Stettler town hall. (File photo)

Stettler town hall. (File photo)

Pair of groups present 2023 budgets to Stettler council

Town to continue funding two groups

Stettler’s town council received a pair of delegations during the Nov. 15 council meeting.

The first delegation to present was a contingent of five from the Heartland Youth Centre (HYC) who were presenting their proposed budget for 2023.

Ruby MacDonell, the HYC treasurer, did note that the proposed budget for 2023 did increase a little over 2022 for a variety of reasons.

“It’s things we can’t control,” said McDonell.

McDonell noted that utilities and insurance have gone up, as have staffing costs due to an increase number of youth using the facility. Additionally, HYC has increased staffing wages so they can “remain competitive” and retain the staff they have.

HYC is funded through a few different means, though according to the executive director of the HYC, Winnie Bissett, a lot of the funding does come through grants. Additionally, HYC does do fundraising throughout the year including the Bowl for Kids and the Awesome Auction.

“(Fundraising) really depends on community support,” said Bissett.

Bissett noted that while a number of grants are applied for, and received, through the Boys and Girls Club of Canada, she has started looking elsewhere for grants as well, such as opportunities through major corporations or even through mental health initiatives.

“I complement you on your creativity,” said Coun. Gord Lawlor, in response to Bissett’s comments about grants.

“You are taking proactive steps. That’s admirable.”

Bissett also noted that as of the beginning of November, the HYC had the most kids taking part in activites ever with a total of 331, a number which she anticipates to increase further by the end of the year.

“You guys do a fantastic job,” said Mayor Sean Nolls.

“HYC is such an important part of the community. There are so many things you do that no one ever sees.”

After the HYC presentation, in a motion by Lawlor, council approved the addition of $50,000 to the 2023 budget allocated for the HYC. It is the same amount that council has been providing HYC since 2019, and represents about one per cent of total taxes collected.

The second delegation to present were a pair from the Stettler and District Handibus who were also giving council an overview of their proposed 2023 budget.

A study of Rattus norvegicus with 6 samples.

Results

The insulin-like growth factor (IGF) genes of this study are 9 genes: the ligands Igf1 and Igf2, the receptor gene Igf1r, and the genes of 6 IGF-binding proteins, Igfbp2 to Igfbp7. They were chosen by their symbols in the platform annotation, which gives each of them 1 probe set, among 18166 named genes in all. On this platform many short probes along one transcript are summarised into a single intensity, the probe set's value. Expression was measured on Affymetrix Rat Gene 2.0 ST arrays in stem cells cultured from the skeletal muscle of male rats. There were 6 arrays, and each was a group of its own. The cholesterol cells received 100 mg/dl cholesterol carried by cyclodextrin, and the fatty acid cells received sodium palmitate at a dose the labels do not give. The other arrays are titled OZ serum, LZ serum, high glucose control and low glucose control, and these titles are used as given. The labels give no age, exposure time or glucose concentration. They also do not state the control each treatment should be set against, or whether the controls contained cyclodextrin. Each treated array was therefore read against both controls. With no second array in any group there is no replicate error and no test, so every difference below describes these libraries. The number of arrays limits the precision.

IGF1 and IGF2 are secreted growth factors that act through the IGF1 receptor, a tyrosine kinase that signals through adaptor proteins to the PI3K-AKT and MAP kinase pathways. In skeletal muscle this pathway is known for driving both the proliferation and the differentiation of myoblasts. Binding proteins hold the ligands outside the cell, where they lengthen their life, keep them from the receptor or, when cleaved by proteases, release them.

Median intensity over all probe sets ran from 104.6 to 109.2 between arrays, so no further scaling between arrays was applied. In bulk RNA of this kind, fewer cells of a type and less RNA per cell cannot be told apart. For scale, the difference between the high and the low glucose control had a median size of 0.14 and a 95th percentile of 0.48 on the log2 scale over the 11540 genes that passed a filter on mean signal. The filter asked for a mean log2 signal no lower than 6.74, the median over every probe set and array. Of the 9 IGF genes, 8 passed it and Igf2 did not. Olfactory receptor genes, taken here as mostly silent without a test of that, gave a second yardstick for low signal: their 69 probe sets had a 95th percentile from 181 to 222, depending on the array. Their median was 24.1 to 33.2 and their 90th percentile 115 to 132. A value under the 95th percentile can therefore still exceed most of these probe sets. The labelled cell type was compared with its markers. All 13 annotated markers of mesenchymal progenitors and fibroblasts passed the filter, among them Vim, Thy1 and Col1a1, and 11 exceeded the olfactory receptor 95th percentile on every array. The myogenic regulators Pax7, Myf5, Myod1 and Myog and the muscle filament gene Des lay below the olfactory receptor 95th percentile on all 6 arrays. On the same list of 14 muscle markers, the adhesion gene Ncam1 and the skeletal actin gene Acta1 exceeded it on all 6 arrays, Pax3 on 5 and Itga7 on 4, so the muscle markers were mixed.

Due to escalating costs, the handibus budget is also increasing a bit, mainly due to the cost of fuel.

The handibus budget is projecting a $14,000 deficit in 2023. Currently, the cost per trip for the handibus is just over $29 by the time wages, insurance, and all other factors are factored in. The charge to the rider is $6, an amount the society that runs the handibus doesn’t see themselves increasing so that the service can remain affordable to those on a reduced income.

Bill Gerlock, with the society, noted that the handibus the society now uses is a lease as opposed to one owned outright, something that has been working well for the organization.

Mayor Nolls said that it was “pretty amazing” what the society was able to do with their budget, and that they could keep their trips at $6, especially considering the cost of fuel at the moment.

The Stettler and District Handibus funded through the town, other partners, and through fundraising initiatives and grants.

“We keep raising money and fundraising, like everyone else does,” said Gerlock.

The Town of Stettler has been supporting the Stettler and District Handibus with $25,000 per year since 2018, an amount they saw fit, in a motion by Coun. Wayne Smith, to continue through 2023.

“You guys work really hard,” said Nolls.

“Without you guys, it’s a more difficult for seniors to get around our community. There is a lot of seniors in the community.”

Despite the anticipated deficit, the pair informed council that the organization does have reserves to help them get through 2023 and that they are projecting the cost per trip to come down in the future, though when is hard to say.